RASHMI OBEROI | 14 FEBRUARY, 2019
Why should a marital status make such a difference to a woman's life?
Don't you think it is time for us to ponder on questions that revolve around social stigmas and work towards modifying our rituals, thought processes and mind-sets to be kinder and more inclusive?
I have had many friends speaking to me about these issues – a few have been deeply hurt by societal norms that are not justified. The pain and shame has left scars on many that probably may never heal.
Whenever it comes to rituals and women, it hasn't gone very well for the latter. While different societies treat women differently, in most parts of history and even in the current times, women have been long oppressed and dominated in the name of rituals, customs and traditions.
Sadly, they have often been subjected to merciless torture and agony as well. Women have suffered and are continuing to suffer in the name of some extremely oddball customs.
Indian weddings are a beautiful and soulful affair – yet tedious at times. Outdated ancient traditions and ceremonies are not going down well with the single/divorced/widowed women and understandably so. In keeping up with the times, shouldn't some age-old wedding traditions be done away with by now?
Some of these sexist traditions are not just unfair, but downright insulting. So it comes as no surprise that women all over are protesting age-old traditions and rituals that are not only derogatory but also regressive.
I am happy to see that weddings are now starting to get progressive… That is exactly what happened recently at a wedding ceremony in Kolkata which was conducted by four women priests. And these holy women were not the only thing special about the wedding. In a yet more progressive move, the father of the bride refused to perform the 'kanyadaan', which symbolises the act of 'giving away' one's daughter as a gift to her husband and in-laws. In 2017, a Nagpur couple made headlines for having a wedding sans the patriarchal custom. Even last year, the image of a single mother from Chennai performing 'kanyadaan' for her daughter at her wedding went viral. Change is inevitable and must be accepted without hate and malice.
Customs that treat women as objects are not acceptable. Neither are those that boycott single/divorced/widowed women from performing rites and rituals. How does it matter what the ‘status’ of the woman is… Is she only empowered or has a right if she is married? That is strange…and so condescending.
I wish more people realise that tradition is not beyond questioning and change. After all most of them were conceived in a patriarchal society and have been made convenient for men. It also makes me wonder why men don't add the wife's family name after marriage and expect women to change theirs. Why is the other practice normal and not this? The ‘why’s’ don’t stop!
Over a period of time, we have been witnessing women protesting against dictatorship in places of worship. They are no longer silent and their voices of dissent are justified. While some men have the balls to back gender equality, others pretend to for the sake of it while the rest would rather not even touch the topic of gender discrimination because for them it doesn’t exist in their vocabulary.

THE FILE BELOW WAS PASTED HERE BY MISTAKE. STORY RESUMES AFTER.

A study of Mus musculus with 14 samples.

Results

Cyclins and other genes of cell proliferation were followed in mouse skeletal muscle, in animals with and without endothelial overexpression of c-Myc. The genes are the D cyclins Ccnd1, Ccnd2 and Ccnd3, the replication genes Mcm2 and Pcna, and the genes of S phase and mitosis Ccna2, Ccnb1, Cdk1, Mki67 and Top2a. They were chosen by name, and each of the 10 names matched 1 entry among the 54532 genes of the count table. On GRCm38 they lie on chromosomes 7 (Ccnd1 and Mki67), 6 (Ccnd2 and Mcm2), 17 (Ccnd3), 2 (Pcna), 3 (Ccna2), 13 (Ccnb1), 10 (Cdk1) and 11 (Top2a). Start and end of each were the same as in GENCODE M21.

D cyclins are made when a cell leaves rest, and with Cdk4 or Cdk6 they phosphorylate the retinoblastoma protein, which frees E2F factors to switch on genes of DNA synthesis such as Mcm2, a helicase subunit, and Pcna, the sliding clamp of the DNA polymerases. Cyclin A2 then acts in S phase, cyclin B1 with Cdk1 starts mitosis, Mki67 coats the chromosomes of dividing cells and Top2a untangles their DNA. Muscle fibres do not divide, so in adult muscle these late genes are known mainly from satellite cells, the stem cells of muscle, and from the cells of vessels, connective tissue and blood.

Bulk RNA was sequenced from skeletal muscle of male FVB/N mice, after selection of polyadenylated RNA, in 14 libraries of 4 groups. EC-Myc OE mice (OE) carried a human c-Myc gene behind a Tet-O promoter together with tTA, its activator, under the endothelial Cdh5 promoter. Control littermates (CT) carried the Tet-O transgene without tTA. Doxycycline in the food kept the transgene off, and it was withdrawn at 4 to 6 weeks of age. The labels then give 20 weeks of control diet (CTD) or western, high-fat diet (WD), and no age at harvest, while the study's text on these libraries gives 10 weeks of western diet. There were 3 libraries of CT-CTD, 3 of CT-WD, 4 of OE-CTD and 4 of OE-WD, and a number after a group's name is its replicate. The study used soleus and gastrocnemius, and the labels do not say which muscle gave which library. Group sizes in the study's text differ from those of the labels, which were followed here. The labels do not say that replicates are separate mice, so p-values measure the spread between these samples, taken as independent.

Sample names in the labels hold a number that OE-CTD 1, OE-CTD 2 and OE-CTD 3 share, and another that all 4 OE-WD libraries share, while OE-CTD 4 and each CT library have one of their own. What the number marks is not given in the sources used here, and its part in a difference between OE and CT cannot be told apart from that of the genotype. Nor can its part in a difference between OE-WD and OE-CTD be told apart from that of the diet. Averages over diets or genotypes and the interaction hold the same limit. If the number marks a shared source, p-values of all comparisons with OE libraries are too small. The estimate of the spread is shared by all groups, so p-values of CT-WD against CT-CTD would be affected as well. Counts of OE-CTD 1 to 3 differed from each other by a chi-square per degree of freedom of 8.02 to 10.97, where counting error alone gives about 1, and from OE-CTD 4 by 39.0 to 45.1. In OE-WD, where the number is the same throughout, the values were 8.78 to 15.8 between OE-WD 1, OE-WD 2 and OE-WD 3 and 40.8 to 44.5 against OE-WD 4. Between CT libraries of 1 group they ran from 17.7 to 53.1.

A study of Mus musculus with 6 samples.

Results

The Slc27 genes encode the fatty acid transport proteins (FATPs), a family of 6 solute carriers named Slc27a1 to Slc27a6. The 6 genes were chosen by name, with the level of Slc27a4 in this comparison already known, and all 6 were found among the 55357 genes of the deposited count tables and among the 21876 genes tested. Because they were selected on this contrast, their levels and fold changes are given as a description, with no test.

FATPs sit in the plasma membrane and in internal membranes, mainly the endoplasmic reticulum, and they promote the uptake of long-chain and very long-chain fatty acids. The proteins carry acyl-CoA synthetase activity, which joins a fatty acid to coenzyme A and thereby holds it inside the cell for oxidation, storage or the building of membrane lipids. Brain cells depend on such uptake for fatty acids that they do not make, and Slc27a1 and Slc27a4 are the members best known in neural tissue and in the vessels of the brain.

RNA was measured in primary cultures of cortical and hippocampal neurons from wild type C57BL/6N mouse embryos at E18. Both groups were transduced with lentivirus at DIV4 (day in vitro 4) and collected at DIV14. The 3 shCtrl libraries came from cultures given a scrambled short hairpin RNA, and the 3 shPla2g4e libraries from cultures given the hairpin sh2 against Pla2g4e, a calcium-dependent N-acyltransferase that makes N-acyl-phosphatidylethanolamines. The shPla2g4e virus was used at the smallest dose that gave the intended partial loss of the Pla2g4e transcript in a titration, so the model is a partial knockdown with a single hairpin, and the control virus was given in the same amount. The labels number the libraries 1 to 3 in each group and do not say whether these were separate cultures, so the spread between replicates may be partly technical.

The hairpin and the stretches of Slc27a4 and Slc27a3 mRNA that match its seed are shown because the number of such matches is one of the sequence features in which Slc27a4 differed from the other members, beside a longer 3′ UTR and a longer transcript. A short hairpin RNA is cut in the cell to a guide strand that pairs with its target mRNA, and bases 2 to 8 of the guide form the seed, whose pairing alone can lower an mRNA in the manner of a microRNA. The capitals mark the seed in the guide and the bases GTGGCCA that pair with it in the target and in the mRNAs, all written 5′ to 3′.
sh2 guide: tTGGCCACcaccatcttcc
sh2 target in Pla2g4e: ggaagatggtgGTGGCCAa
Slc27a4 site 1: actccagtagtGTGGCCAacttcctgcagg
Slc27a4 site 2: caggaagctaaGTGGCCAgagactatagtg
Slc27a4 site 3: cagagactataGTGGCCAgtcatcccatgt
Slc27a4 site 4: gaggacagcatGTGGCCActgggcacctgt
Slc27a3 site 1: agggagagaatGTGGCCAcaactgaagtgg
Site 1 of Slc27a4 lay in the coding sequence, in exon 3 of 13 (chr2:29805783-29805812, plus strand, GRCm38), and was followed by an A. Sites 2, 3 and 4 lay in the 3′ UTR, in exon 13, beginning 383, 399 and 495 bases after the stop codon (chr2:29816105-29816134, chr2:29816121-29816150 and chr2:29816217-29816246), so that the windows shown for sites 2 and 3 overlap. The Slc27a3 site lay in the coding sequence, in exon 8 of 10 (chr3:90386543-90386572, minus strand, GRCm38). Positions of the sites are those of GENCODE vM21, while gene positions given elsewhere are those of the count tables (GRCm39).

But, behind the curtains of feminism lies the dark truth of oppression by male-dominated society. This society silently works to manipulate the social order into believing that God created the difference between the two sexes and by the holy rule, we must abide by it blindly.
We now have two sides: one where the male-dominated society lays out directives debarring Indian women from performing certain rituals; and the other side that appreciates them when they take a stand against the same directives and stands by them in wanting change.
Life has always been a path of thorns for a single mother, a divorcee or a widow, especially in India where you are considered unlucky and inauspicious to perform rituals and ceremonies.
Personally, I have broken all rules and stigmas, performing rituals that I have wanted to irrespective of the ominous looks from the holy men and the hushed tones of relatives. I have been to the funeral ground when my grandfather passed away… I have participated in all the ceremonies as a single mother and claiming my stake as a parent before I got remarried… I took part in all the rituals when my father-in-law passed away, including those that apparently only ‘men’ do.
My intention here is to question why we blindly follow whatever has been written in stone through centuries. Why some women are considered an outsider in the eyes of a ‘culture’ which functions on baseless dogma troubles me. Did anyone ever stop to think about how much these negative stereotypes might affect their emotional strength and mental health? I am not writing this piece to seek answers – I am writing it to make change.
I've had female friends face insults when they wanted to do the last rites of a parent—only because women are not supposed to do so. On what basis? I have observed how our customs honour only married women.
Why should a marital status make such a difference to a woman's life? It does not for a man. Why must a woman be married to be respected and socially included in festivities, especially by other women? Can we not be more inclusive of all women? The answers are hard to come by, but even worse, the questions are rarely heard either because we choose to blindly continue along the prescribed path.
It is heartening to see that Indian society is now gradually progressing towards a modern India. I salute all those single mothers who raise their children facing all the difficulties and social stigmas bravely and I salute all those who are working hard towards initiating a change in the society. We need more strong women… Amen!